Entrepreneurship and startups are the buzzwords in town that everyone is talking about suddenly. It seems trendy to become an entrepreneur, to be part of a startup, and to be part of the revolution. While those things are true of some startups and we as consumers often benefit from it, the sayings also anchor a lot of expectations and stereotypes about who is an entrepreneur and who is not an entrepreneur.
Because of what everyone is saying, we often rule ourselves out of the game even before playing it. Just because you’re not a creative person, you can’t be an entrepreneur? That’s not necessarily true. If you remove all that noise around the entrepreneurship word, it is simply a protocol – a belief, a mindset, a way of doing things, and a lifestyle – just like going vegetarian, subscribing to a religion, running a marathon, binge-watching TV shows, or being part of a family.
Anyone can be an entrepreneur so long as they want to be. To start off, here are 4 natural entrepreneurial traits that you and I (and everyone we know) share as human beings:
1. We all recognise frictions and pain points in life
Humans come pre-fitted with a sense and the ability to react to things. Our five senses can almost immediately tell us to avoid certain things that cause discomfort: extreme heat, cold, electric spark, etc. and these turn into problems. Similarly, in a business sense, we recognise pain points of certain products or structures as part of our user experience and can almost immediately want improvements made to the product.
The first reaction to problems and pain points is innate in human beings, and an entrepreneur capitalises on his or her senses to act and solve the problem. But will everyone have the tenacity to act every time they encounter discomfort and misery? How exactly will they act? And how is this entrepreneurial?
2. We refuse to give up things that we truly enjoy
As human beings, we are aware that time is limited and it constantly passes. Yet, there are some things that we keep throwing our time doing. Whether it is computer games, sports, social media, etc. there is always something that we do in excess. This goes directly against the saying that moderation is key and describes how human instincts tend to drive us to keep chasing more of what pleasures us.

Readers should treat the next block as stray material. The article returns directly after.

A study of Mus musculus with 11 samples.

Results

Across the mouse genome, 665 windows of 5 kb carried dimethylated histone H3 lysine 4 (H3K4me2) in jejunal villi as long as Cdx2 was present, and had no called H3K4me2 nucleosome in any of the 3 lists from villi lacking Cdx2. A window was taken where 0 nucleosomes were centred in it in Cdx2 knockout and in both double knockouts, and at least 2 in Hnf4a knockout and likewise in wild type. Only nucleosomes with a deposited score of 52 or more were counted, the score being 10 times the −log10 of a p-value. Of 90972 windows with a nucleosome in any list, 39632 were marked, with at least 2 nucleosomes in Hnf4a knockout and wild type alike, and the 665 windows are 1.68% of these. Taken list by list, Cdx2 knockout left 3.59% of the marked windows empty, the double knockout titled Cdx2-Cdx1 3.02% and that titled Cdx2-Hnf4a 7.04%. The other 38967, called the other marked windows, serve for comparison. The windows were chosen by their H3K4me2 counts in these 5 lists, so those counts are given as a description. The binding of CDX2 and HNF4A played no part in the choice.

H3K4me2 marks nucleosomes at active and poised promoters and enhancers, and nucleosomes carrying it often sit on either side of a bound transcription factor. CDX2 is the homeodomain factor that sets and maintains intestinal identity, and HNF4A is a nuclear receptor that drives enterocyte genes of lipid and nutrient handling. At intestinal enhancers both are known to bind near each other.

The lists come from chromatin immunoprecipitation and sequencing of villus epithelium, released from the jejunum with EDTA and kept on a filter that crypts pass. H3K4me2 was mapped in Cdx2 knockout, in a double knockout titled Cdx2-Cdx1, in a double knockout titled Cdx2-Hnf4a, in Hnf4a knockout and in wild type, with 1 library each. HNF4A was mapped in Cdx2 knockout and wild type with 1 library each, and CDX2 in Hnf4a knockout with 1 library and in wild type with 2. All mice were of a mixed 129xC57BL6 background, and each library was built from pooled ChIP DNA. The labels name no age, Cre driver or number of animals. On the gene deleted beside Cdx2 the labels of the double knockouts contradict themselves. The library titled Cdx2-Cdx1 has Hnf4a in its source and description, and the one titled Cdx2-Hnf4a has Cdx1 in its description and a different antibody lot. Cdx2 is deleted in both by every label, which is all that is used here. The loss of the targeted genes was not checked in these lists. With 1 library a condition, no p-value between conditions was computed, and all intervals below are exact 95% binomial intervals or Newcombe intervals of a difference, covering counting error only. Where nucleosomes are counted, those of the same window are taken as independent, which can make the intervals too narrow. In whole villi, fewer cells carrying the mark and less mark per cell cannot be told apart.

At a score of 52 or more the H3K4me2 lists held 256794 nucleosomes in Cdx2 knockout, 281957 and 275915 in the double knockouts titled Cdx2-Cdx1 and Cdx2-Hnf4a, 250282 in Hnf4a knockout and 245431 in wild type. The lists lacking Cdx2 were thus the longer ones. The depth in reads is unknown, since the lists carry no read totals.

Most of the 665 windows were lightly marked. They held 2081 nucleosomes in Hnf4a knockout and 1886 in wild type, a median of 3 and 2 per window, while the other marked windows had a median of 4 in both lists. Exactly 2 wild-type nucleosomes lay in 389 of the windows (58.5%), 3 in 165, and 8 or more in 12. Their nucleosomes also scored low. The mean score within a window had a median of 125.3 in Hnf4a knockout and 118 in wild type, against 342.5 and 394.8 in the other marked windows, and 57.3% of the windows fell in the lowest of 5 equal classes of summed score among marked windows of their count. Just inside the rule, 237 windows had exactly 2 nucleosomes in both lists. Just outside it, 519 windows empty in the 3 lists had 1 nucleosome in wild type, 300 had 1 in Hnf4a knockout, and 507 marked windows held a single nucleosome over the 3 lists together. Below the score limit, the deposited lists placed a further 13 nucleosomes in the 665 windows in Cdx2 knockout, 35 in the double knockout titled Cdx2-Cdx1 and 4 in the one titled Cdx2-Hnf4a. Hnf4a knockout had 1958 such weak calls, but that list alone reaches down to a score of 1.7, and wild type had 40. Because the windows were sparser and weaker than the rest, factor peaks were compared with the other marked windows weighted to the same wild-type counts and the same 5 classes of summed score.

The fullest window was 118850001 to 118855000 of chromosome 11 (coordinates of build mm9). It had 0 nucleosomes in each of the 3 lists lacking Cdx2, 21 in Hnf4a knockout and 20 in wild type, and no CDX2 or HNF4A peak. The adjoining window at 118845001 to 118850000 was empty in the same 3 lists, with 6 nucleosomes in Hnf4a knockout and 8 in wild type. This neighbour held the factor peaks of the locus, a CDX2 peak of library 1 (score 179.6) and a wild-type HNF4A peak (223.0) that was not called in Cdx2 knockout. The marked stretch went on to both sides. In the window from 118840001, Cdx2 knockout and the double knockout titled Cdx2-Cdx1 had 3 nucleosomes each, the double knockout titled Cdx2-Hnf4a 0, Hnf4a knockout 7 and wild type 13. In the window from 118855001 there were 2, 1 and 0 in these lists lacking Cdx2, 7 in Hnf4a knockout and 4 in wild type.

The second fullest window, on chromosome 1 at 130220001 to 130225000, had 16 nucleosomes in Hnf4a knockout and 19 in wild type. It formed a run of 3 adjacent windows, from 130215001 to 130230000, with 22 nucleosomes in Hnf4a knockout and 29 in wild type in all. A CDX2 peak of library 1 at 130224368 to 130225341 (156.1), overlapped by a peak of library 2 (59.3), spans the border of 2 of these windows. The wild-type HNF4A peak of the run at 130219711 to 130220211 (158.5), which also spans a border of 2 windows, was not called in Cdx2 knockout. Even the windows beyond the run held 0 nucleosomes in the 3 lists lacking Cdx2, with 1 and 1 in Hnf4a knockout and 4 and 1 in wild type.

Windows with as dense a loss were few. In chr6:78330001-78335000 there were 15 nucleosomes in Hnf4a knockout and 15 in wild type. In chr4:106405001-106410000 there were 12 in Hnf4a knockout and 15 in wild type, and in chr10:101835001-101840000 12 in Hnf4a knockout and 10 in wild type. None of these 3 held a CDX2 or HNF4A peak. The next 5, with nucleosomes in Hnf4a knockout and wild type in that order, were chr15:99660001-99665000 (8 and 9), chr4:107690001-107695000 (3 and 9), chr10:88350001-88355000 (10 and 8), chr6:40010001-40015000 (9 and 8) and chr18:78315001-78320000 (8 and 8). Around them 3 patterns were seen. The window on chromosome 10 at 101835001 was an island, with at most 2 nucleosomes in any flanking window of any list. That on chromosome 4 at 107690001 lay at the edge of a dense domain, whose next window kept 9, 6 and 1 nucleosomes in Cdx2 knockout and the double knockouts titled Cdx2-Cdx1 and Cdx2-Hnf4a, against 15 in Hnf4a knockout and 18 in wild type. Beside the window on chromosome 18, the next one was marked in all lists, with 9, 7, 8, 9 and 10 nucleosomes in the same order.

And that is an entrepreneurial trait – being determined and passionate. We all can be entrepreneurs because we have the drive to turn an idea into reality if we enjoy it. You don’t need to be part of an institution to be an entrepreneur. Being an entrepreneur has a lot more to do with being a good problem solver and having the will to innovate. Some people are just not entrepreneurs yet. If we are able to derive pleasure from arriving at solutions that make a difference in the world, then we can keep going down the entrepreneurial journey and wish it never stops.
3. We will never be perfect, but we are learning throughout the journey
Why is it important that we derive pleasure from entrepreneurship? That’s because it is a journey that takes you by surprise with its highs and lows, success and failures, belief and doubt. Having fun in the process makes it easier for us to keep driving on when the road is bumpy.
The third reason you and I can be entrepreneurs is that we are capable of learning as we go. You are never good enough for the next big challenge you’ll face. In this world, you simply cannot know everything about the future and the best strategy is that you pick up as much information needed to move on from one milestone to another. Take enough information, ask your team, ask your community, move fast, and learn through the journey.
Mistakes are part of the entrepreneurial journey, but we make mistakes all the time even as human beings as well. As a child, we did the wrong things out of innocence and naivety but once we get reprimanded, our sense of right and wrong gets tuned and we know better what to do and what not to do. This is truly the path of an entrepreneur, even the most successful ones like Elon Musk and Bill Gates. For as long as we don’t beat ourselves down completely and give up, we will find a way to succeed in the game.
4. We can rope others into helping us and learn together
We are social creatures that rely on one another to survive. In ancient societies, we had scholars, artisans, kings and soldiers who supported each other for a survival purpose. Today, we rely on doctors for health, governments for public infrastructure, banks for a smooth transaction. As living systems evolve, one thing remains true: we can rope others to do something that benefits the greater society.
Startups are about the survival of the fittest. The journey of entrepreneurship can surely be undertaken alone, but who is there to throw questions at your ideas? To challenge you and yet be there when you’re down? Going with a team (including your community) is fun because we can generate a social learning effect – piggyback off their knowledge and learn from them, and even learn from teaching them! And just like how we evolve as a species to preserve civilisations, we have the capacity to collaborate and create change in the deepest problems.
This article was originally written by Frank Looi and first published on FutureLab, a social learning community that aims to empower mentees to take charge of their careers by connecting them to global mentors who care.